Change perception. Live on.
I see you’re originally from Texas. What was it like growing up there?
Well lets see, it’s usually very hot, but then damn cold in the winter. We don’t all ride horses but you can surely find one if you need. It’s a good place though, and pretty. We spend alot of time outdoors, playing sports and BBQ’n.
Nomadism seems to be a running theme throughout your brand. How does this lifestyle come through in the work you create at OFB?
It’s not so much nomadism, it’s more about exploration. I hate to sit in an office and expect to get great ideas. It’s about seeing things and processing it in order to make new things. And also, I do love the freedom to be anywhere and not stuck or pressured into a specific location. But at the same time, I love my home and home studio and small local bubble.
What do you think is your single greatest marketing tool?
Our website; it’s the only marketing tool we have other than some light social networking. We do keep some biz cards around too.
Were any of your friends or family of a creative mind or background while growing up? If so, did they help contribute to your understanding of the arts?
My Mother was just very encouraging of my creative projects growing up from the first drawing I did until today; always providing praise and throwing down more art supplies, legos, whatever. I do the same with my kids now. My Father is a lawyer and I learned to really be professional about my work, and how to talk about it, make a case, etc. Put those together and I do okay.
Does your history with baseball and professional sports factor into how you work at all? As far as discipline and a structured way of going about finishing what you start…
Haha well it’s pretty worthless except for one thing: being ultra-competitive. Also, I guess that I learned in baseball to fail, so that means I’m not really afraid to fail or try something. After all, in baseball you hit only .300 and that is great. I also had many years of just trying to make it in baseball, so I have alot of patience for the longhaul with things.
Who would you say is your biggest influence?
Nature, probably all the people that made things in the past; especially from the 60′s and 70′s, even though I don’t know their names. And I don’t really mean graphic design, specifically, just objects, things, cars, etc… anything that I see design in. I enjoy all kinds of work that other firms do. But I really don’t have like a famous graphic designer who inspires me. I can’t even name one. Everyone says Saul Bass though right? Haha.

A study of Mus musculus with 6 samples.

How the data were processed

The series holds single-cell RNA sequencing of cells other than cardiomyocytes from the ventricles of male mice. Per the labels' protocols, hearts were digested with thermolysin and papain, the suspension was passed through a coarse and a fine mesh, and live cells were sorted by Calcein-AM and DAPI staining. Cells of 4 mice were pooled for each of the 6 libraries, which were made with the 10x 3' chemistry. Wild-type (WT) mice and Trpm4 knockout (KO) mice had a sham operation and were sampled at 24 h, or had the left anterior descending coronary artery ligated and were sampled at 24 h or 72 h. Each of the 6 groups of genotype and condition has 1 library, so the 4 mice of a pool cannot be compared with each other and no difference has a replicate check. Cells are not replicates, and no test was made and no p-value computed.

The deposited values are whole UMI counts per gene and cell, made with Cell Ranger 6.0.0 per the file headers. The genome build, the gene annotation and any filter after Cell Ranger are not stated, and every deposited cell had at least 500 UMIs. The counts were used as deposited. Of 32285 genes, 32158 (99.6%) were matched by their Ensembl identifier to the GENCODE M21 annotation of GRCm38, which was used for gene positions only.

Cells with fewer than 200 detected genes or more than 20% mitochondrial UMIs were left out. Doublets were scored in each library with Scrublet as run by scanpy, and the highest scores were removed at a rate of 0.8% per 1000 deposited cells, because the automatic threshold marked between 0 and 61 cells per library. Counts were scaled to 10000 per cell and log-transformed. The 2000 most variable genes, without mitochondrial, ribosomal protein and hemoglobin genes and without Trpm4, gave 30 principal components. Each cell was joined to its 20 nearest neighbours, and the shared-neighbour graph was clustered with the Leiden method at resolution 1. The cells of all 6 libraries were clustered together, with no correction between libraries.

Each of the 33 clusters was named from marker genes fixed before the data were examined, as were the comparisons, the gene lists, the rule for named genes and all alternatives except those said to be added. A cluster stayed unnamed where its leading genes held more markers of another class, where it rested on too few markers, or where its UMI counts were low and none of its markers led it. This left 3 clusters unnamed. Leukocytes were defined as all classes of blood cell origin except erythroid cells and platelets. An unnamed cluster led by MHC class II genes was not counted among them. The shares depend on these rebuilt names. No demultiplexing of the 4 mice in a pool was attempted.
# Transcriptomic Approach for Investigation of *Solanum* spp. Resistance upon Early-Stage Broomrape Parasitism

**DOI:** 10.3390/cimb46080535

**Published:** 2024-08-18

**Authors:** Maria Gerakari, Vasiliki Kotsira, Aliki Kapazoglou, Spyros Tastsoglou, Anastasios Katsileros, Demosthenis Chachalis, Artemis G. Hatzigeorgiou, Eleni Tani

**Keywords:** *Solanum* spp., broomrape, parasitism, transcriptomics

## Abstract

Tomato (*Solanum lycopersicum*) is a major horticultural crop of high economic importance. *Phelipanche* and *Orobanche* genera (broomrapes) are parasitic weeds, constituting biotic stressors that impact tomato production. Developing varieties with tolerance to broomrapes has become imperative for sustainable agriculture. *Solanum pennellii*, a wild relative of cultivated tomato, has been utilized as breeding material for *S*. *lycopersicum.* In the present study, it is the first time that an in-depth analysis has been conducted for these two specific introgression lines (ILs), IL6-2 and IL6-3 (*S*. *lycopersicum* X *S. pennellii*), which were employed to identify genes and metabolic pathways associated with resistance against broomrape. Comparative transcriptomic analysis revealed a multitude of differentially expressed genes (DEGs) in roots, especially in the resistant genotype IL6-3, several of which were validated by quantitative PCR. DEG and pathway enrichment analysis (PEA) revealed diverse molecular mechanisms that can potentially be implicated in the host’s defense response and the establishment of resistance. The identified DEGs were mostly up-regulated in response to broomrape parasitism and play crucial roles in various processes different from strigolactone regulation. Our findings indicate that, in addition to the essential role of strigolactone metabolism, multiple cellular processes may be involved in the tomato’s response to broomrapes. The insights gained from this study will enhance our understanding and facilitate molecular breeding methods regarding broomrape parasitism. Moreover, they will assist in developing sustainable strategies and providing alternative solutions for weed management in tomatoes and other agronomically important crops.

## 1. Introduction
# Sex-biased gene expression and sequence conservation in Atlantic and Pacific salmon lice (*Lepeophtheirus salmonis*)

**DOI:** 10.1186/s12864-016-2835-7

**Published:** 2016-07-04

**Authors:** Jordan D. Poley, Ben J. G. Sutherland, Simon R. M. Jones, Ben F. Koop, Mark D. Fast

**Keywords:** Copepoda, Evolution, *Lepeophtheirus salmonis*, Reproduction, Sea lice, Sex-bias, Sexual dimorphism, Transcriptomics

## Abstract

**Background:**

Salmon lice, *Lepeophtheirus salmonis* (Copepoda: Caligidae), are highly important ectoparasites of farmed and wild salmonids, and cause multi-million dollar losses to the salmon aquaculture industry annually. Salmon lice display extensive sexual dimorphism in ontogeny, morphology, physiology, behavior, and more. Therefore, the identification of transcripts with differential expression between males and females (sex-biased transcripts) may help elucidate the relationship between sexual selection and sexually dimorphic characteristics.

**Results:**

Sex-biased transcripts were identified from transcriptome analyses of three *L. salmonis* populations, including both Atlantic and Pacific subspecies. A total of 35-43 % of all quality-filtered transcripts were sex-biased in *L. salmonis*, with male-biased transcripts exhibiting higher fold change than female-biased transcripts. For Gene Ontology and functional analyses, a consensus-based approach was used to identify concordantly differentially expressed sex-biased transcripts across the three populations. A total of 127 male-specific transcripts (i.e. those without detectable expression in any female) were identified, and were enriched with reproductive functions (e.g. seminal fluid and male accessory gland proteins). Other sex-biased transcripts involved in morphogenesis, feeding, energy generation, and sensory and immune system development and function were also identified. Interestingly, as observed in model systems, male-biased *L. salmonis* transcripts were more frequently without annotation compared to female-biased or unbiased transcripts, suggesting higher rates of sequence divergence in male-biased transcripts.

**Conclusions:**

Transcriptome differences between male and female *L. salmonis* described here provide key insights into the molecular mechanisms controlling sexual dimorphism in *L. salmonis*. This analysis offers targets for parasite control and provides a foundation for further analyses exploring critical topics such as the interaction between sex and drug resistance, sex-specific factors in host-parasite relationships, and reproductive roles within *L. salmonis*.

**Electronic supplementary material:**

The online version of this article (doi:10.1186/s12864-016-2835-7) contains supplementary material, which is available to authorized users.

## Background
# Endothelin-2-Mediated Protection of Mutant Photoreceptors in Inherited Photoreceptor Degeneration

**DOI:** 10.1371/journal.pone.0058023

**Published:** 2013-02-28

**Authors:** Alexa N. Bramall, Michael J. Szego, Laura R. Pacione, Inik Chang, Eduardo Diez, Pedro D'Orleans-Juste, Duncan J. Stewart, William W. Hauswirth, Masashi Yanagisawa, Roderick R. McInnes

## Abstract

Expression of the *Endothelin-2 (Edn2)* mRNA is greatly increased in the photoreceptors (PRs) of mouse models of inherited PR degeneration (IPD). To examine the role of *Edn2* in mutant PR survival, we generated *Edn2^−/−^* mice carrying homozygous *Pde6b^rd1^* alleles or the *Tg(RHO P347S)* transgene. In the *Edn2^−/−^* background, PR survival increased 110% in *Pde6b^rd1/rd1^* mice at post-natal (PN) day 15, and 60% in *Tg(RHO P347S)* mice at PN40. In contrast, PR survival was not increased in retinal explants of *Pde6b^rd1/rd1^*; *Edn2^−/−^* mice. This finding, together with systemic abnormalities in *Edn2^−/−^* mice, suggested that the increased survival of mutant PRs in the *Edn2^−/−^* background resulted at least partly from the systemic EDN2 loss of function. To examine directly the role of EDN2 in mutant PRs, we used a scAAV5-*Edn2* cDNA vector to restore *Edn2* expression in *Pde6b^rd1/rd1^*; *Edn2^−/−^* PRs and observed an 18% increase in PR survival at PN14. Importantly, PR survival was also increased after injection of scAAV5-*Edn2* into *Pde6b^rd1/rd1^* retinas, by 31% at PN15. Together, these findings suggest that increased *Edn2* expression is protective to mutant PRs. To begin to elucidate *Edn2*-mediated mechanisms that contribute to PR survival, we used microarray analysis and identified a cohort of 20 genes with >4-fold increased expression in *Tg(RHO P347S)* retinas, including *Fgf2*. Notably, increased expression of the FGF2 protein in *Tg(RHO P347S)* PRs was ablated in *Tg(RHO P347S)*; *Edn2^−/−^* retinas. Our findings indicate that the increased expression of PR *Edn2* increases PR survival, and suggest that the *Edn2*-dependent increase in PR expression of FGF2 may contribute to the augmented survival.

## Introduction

There are so many talented people in this world, especially in creative design. How do you plan to continue creating work that stands out against what they’re making for years to come?
Hmmm… I don’t know, I just plan on getting good at it. I think I’m finally starting to, so I feel like I have a lot left in the tank. At 37, I finally kinda realized I ama designer and that is what I should be. So I actually take it pretty seriously now, whereas over the last 15 years it was kinda just what I happen to be getting paid to do and I did it. I have done good work for people but I’m hoping I get alot better.
Any tricks you use to approach new work or clients?
Only that you have to know the strategy and purpose before you design.
Are there any particular clients you look to attract? Or clients that seem to float to you more than others?
I mean we don’t do ANY outward sales or marketing; people find us, we don’t find them. But we do enjoy projects where brand image really makes a difference. Such as the beverage industry.
What are your favorite things to do outside of OneFastBuffalo?
Hahaha well honestly I kind of consider almost everything I do to be INSIDE OFB. It’s all a connected creative mobile lifestlyle for me. And like I said, everything I see and do is eventually processed and I think comes out in the work somehow. I do still play baseball in a wood-bat league, snowboard, surf, coach little league, camp and play them guitars and banjos.
How has running your own business affected your perception of those with small businesses and startups?
Haha no comment on this one
Can you give some advice to the readers that might be looking to build their own agency or embark on a freelance design path?
I could probably give about 1000 pieces of advice but there is only one that I think really matters:
Don’t wait for people to choose you or validate you. Validate yourself and decide you will make it work.
Are you currently reading anything?
Nah. I’ve read every marketing/branding book on the planet though… too many to name. They all overthink it. I at least schooled myself on the basic principles, haha. Oh, but I did see Terrance Mallick’s Tree of Lifetwo times last week. I love his work, most people walk out of the theatre.
Any interesting or exciting projects you are working on?
I am naming and branding a line of Vodka and Tequila products for a distillery I won part of now here in Texas. And that is mostly on my mind right now.
Any last comments about your work or what you’re doing?
Nope, just thanks for being interested… stay tuned for the good stuff!